Blue Origin’s NS-23 uncrewed flight ended abruptly on Saturday morning after the spaceflight company aborted the mission due to an issue with the New Shepard rocket’s booster. The failure happened just as the rocket reached MaxQ, or the moment when it reaches maximum dynamic pressure.
Blue Origin confirmed that the rocket suffered a booster failure on Twitter, but notes the “escape system performed as designed.” In a later update, Blue Origin adds that the “booster impacted the ground” and that there were “no reported injuries.”
The rocket took off at around 10:26AM ET from Blue Origin’s West Texas site, with the capsule carrying 36 payloads containing scientific research equipment. Shortly into the flight (at around 1:21:49 in the livestream), you can see the moment Blue Origin triggers the escape system.
“It appears we have experienced an anomaly with today’s flight,” the commentator says during the livestream. “This was unplanned and we don't have any details yet. But our crew capsule was able to escape successfully, we’ll follow its progress through landing. As you can see, the drogues have deployed, and the mains are going to be pulled out next.”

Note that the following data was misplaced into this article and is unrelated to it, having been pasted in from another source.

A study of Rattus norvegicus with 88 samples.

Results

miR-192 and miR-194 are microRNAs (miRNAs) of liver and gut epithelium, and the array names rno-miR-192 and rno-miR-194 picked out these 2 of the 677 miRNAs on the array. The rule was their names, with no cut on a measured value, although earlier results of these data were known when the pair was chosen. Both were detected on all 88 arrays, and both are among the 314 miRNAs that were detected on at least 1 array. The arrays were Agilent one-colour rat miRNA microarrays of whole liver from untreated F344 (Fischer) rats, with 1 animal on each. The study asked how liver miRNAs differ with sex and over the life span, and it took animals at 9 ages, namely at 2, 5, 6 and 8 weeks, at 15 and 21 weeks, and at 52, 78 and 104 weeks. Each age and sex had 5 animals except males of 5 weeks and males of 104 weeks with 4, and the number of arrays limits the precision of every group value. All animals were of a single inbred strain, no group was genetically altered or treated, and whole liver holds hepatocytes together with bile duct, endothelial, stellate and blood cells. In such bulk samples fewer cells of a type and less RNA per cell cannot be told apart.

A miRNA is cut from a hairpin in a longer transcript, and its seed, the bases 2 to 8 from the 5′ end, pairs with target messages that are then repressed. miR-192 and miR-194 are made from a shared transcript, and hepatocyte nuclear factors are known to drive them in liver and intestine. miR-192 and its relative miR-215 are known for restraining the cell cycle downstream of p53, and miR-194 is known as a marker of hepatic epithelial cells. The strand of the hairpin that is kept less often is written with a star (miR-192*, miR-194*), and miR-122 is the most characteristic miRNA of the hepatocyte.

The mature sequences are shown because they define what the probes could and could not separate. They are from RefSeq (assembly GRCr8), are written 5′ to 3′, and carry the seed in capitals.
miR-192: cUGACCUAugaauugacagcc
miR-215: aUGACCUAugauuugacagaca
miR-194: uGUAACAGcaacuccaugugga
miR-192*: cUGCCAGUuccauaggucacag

During the process, the capsule remains intact and deploys chutes before it begins its journey back down to Earth. As noted by Ars Technica senior space editor Eric Berger, if there were people on board, “they would have felt a serious jolt” but likely would “have been safe.”
Blue Origin is the spaceflight company founded by Amazon founder and former CEO Jeff Bezos and that recently took a group of people to the edge of space in June, which marked its fifth crewed mission.
Update September 12th, 11:47AM ET: Updated to add Blue Origin’s confirmation of a booster failure.
Update September 12th, 3:12PM ET: Updated to add another update from Blue Origin.